The New England states are considering whether to expand large hydropower imports into New England with the New England States Committee on Electricity (NESCOE) anticipating submitting a report on possible options to New England’s governors by the end of the year.
According to NESCOE, land-based and offshore wind resources will be largely responsible for meeting the region’s renewable energy goals and transmission upgrades will be needed to make larger quantities of wind energy deliverable in the years ahead.
Transmission lines to bring large hydropower into New England should be planned to allow wind power to tap into those lines to bring clean energy from remote regions to population centers. This will allow for the most economic use of the lines as wind and hydropower can complement each other to achieve a higher utilization rate on the transmission lines
“Renewable energy like wind and solar can work together with hydropower and, if done in a smart way, that combination can help move the New England States towards a clean energy future,” said Francis Pullaro, Executive Director of Renewable Energy New England, Inc., (RENEW). Large-scale hydropower may play a role in making long distance transmission upgrades more economic allowing additional wind energy to be brought online. Wind and hydropower can work together to keep consumer electric rates down, reduce pollution, and improve electric reliability by diversifying our energy mix.
RENEW encourages the states to consider that hydropower contracts should reduce emissions beyond what would otherwise happen in a business as usual case. “To count towards climate change goals, it is essential that any hydropower contract actually reduce emissions and not simply shift emissions around the region. This could happen if states are simply importing hydroelectricity that would have otherwise served Canadian load or the load of another U.S. state. States should ensure that their hydro contracts have strong safeguards to measure and verify legitimate, new emissions reductions,” said Pullaro.
RENEW welcomes the opportunity to work with the states to find ways to lower the cost of new transmission, possibly using large-scale hydropower, to support increasing the amount of variable renewable resources like wind energy and/or provide cleaner and more reliable balancing power.
At the June 12th meeting of the Connecticut Power & Energy Society, several RENEW members participated in a panel discussion on the role of wind power in Connecticut’s energy future. The panelists discussed recent legislation in Connecticut and Massachusetts promoting renewable resource development, the environmental benefits of wind power, siting wind plants in Connecticut, and the future of wind development in New England’s Atlantic waters. Eric Johnson, Director, External Affairs at ISO New England, was the moderator.
Renewable Energy New England, Inc., (RENEW) applauds Governor Dannel Malloy for supporting new statutory provisions that will expand the benefits of affordable renewable energy for Connecticut electricity customers. Those provisions, included in larger energy legislation Senate Bill 1138 and House Bill 6360, both of which recently achieved final passage in the legislature, will help encourage the development of new, affordable renewable energy in Connecticut and New England.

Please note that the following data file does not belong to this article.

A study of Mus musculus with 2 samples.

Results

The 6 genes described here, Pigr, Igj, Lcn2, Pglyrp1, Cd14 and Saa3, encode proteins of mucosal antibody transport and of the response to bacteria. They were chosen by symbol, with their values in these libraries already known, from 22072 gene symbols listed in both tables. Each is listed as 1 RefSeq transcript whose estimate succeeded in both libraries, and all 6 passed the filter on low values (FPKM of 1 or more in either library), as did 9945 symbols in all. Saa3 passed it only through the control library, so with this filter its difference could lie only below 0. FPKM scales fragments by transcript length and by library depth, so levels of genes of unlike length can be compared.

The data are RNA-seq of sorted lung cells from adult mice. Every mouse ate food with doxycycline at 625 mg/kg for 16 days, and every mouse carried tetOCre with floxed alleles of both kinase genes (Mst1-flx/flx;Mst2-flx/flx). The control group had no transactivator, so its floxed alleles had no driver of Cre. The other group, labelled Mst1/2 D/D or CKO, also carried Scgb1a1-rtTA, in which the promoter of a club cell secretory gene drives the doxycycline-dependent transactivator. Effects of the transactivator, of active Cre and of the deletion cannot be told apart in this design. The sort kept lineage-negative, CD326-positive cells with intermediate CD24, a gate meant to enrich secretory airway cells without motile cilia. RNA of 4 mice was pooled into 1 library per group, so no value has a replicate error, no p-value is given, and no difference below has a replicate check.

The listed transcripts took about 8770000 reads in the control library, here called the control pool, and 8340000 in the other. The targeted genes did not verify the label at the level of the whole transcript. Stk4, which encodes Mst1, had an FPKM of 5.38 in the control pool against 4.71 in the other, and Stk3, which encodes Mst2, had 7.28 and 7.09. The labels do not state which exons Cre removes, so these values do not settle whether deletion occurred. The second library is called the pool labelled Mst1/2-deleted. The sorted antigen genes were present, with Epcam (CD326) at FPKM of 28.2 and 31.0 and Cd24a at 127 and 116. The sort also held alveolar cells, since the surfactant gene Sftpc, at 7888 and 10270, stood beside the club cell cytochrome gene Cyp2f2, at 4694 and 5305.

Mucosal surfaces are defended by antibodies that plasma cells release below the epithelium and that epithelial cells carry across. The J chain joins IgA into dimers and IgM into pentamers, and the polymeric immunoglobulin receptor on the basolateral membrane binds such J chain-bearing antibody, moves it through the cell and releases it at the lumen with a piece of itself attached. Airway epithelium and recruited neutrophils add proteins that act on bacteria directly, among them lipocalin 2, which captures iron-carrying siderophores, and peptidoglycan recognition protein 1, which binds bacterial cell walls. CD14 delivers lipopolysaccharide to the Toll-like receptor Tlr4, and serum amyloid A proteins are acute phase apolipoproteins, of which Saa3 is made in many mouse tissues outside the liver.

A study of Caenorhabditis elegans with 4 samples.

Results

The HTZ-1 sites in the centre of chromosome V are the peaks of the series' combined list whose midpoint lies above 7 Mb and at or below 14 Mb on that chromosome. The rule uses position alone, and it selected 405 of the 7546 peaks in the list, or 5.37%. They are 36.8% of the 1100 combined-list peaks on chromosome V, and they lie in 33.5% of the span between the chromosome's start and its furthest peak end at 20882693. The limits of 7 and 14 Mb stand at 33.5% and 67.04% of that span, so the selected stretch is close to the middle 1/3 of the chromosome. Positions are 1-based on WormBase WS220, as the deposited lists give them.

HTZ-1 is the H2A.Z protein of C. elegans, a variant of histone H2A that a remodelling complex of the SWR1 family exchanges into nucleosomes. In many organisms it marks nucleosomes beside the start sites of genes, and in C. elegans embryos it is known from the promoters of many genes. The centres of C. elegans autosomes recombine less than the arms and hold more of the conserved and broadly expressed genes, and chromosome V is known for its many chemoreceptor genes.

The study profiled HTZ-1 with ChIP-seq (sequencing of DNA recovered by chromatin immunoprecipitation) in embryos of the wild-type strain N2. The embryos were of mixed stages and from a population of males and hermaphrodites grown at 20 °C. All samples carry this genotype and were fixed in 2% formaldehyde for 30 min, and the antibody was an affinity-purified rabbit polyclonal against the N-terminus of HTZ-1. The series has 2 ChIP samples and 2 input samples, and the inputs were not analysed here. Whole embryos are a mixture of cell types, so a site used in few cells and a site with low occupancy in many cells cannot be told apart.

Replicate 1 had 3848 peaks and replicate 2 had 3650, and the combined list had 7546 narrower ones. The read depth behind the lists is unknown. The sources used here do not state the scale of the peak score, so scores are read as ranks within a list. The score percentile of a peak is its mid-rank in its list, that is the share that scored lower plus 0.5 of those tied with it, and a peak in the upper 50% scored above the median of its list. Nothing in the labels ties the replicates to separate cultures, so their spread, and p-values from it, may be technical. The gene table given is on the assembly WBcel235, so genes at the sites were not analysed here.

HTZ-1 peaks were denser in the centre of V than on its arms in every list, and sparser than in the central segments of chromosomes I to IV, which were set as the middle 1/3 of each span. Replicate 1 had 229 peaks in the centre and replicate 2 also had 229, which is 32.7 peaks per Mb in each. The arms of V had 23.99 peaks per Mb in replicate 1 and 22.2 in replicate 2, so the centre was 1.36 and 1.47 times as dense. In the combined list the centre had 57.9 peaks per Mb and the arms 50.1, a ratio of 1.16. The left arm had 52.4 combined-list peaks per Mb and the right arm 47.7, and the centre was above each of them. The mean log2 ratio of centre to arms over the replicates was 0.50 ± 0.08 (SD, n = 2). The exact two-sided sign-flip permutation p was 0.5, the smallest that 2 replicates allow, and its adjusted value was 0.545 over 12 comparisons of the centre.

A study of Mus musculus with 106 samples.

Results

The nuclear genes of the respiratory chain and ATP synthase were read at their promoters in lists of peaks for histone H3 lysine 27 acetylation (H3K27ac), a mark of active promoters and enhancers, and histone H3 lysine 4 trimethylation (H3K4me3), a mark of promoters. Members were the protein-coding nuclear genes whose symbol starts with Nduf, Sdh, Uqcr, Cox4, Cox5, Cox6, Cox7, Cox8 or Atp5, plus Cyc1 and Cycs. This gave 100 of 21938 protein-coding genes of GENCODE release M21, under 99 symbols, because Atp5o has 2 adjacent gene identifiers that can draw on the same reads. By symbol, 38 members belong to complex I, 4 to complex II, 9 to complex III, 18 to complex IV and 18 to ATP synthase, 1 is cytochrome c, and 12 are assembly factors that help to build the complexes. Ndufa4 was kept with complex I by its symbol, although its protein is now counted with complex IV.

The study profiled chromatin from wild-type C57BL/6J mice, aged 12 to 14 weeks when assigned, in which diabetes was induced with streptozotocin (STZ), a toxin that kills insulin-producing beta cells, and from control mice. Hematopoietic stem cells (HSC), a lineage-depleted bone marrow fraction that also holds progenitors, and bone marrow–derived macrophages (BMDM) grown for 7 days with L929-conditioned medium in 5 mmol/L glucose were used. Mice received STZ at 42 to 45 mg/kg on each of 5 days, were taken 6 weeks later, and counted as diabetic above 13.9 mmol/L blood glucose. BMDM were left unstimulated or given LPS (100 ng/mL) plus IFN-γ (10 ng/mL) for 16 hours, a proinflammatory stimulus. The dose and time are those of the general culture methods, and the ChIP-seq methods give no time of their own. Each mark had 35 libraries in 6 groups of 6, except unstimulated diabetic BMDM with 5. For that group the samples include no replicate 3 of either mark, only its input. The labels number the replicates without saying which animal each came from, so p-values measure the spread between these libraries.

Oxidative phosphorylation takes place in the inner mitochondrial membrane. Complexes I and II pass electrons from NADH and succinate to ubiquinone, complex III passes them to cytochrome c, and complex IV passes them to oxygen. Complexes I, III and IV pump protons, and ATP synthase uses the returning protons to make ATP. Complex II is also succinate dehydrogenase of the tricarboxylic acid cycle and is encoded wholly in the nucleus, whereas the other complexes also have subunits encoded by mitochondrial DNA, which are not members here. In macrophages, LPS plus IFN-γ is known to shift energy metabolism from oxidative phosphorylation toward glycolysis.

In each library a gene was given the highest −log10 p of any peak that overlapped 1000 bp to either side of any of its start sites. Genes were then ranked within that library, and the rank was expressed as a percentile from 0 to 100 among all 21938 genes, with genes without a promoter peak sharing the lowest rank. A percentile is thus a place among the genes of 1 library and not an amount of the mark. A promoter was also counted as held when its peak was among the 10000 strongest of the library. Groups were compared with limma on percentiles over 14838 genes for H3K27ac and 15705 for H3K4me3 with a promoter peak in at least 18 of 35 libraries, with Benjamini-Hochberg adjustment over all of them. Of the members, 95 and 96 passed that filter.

RENEW praises Senate President Donald Williams and House Speaker Brendan Sharkey, Energy & Technology Committee Co-Chairs Sen. Bob Duff and Rep. Lonnie Reed, Committee Ranking Members Sen. Clark Chapin and Rep. Laura Hoydick, the full membership of the House and Senate, and Department of Energy and Environment Protection (DEEP) Commissioner Daniel Esty for their leadership in expanding Connecticut’s nationally leading energy policies.
“A section of Senate Bill 1138 authorizes DEEP to enter into long-term contracts with renewable energy developers. Long-term contracting opportunities will enable the industry to make long-term investments and reduce the cost of RPS compliance for consumers. Across the country, renewable energy long-term contracts result in lower costs for consumers with the added benefit of drawing economic investments into states where the projects are located. The resulting projects stand to give the administration’s ‘cleaner, cheaper’ energy agenda a major advance.” said RENEW Executive Director Francis Pullaro.
The bill also gives the state the opportunity to coordinate its procurement of renewable energy with the other New England states following a resolution adopted at the 2012 meeting of the New England Governors’ Conference. The benefits from regional coordination will arise by capturing some of the economies of scale from larger renewable energy projects and, in the years ahead, potentially facilitating additional intra-regional transmission capacity to deliver the energy from those resources.
Utility-scale wind projects in particular have been highlighted in recent analyses for the New England States as the leading solution to meet New England’s collective renewable energy goals. Large scale wind resources are clean, cost-effective and enhance the reliability of our region’s bulk power system.
To help ensure Connecticut receives the economic development benefits of having those projects sited in the state, House Bill 6360 contains a provision to facilitate the adoption of wind siting regulations that have been drafted by the Connecticut Siting Council. Adoption of the regulations will allow wind project developers to submit new applications to build projects in the state.